I've spent hours searching for this idea both here and on the greater interweb without success, but if I'm duplicating something I've missed please point me to it. My other caveat is I'm totally new to trying any sort of sophisticated post-processing. To date the extent of my "lab" work has been adjusting contrast, exposure, color levels, etc., so please keep in mind that I probably won't understand technical discussions without some supporting explanation. My apologies and thanks.
So, to the crux of the matter. I want to combine in some way 3 separate photos of the same scene (I don't care RAW or JPEG at this point though I've been working in RAW) such that each photo contributes only one color channel (red, green or blue) to the final composite image. The end result being that if I shot three photos of a completely static scene, then the final composite image would be indistinguishable from any of the 3 original photos rendered in full color.
I've tried stacking them and then "turning off" 2 of the 3 channels on each photo, but I don't think I've actually "turned them off" in a contribution sense, I think I've just picked one of the channels to view by clicking the eyeball icon in the channels panel. I've read that I need to convert them to greyscale first, but I don't understand how removing all the color information from 3 individual photos and then stacking them could possibly result in a color image. When I try what I think is being described I just get a black result. I've also played with (without really understanding what I'm doing) trying to create a spare channel from just one color channel for a photo and then applying (again I think) a greyscale mask layer(?) to the photo using the spare channel. Then I just end up with a white image.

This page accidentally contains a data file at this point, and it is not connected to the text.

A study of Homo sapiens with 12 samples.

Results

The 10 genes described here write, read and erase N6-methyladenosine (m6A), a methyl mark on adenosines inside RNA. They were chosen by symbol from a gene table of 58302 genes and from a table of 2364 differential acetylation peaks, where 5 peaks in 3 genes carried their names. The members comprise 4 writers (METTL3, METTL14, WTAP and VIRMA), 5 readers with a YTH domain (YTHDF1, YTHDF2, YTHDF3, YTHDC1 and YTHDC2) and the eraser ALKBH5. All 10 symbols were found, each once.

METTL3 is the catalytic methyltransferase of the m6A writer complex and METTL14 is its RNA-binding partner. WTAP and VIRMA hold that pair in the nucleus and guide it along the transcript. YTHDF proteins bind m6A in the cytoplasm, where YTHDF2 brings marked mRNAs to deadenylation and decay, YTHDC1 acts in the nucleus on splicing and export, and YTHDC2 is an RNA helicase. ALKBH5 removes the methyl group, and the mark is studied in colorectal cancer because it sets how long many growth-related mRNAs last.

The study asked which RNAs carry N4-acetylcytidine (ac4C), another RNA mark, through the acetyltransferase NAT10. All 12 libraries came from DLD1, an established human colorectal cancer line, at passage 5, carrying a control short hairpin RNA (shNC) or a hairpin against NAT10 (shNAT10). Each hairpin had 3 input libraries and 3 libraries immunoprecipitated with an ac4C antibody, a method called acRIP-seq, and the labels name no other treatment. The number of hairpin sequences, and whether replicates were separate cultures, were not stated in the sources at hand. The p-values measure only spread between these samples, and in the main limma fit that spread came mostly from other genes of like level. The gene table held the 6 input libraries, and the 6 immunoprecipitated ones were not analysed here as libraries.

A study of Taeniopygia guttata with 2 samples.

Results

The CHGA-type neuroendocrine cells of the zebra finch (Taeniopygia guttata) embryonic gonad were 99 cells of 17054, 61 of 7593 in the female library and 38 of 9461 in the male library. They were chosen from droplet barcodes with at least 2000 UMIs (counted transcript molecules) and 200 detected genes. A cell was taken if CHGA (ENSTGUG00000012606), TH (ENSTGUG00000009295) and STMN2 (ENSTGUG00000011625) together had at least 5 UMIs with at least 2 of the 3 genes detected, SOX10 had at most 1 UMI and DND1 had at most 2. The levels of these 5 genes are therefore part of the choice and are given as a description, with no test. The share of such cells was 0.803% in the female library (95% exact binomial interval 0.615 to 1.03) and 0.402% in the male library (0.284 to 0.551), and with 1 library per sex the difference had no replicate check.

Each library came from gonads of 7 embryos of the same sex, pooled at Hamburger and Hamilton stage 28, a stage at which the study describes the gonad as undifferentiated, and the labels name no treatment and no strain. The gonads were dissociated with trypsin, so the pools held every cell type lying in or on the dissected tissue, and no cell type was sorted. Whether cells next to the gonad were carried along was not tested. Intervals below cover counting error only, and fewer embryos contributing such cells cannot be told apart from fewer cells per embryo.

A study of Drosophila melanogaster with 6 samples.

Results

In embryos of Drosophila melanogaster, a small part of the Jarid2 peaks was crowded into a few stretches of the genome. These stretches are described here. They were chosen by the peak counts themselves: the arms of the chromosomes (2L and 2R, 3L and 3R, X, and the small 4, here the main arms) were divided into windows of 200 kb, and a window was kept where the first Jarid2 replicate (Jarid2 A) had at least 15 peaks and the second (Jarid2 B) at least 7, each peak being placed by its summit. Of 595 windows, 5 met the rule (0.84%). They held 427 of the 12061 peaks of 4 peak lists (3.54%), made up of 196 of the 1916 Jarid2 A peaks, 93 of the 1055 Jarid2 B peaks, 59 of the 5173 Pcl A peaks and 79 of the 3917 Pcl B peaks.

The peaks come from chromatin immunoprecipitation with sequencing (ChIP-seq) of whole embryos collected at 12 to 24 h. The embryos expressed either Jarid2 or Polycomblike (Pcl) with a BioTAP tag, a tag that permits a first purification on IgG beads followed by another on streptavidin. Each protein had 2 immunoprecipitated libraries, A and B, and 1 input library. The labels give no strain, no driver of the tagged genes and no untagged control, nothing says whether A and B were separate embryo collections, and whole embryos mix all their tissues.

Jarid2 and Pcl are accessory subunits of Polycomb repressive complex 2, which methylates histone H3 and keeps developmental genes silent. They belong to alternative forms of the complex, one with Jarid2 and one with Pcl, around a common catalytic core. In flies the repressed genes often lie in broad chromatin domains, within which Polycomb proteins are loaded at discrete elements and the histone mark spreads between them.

I know what I'm trying to achieve is possible, there was an article on one of the photo news/collaboration sites a couple of years ago describing this technique. But I failed to save it, can't find it now and just don't know enough about what I'm doing to be able to form the query in such a way as to get the internet to cough anything up.
Thank you for any pointers or tips anyone can provide. And thank you to Serif for creating such a wonderful alternative to Adobe which is really out of the price range of hobbyists such as myself. I've really enjoyed working with Affinity so far and am looking forward to learning how to use it in depth.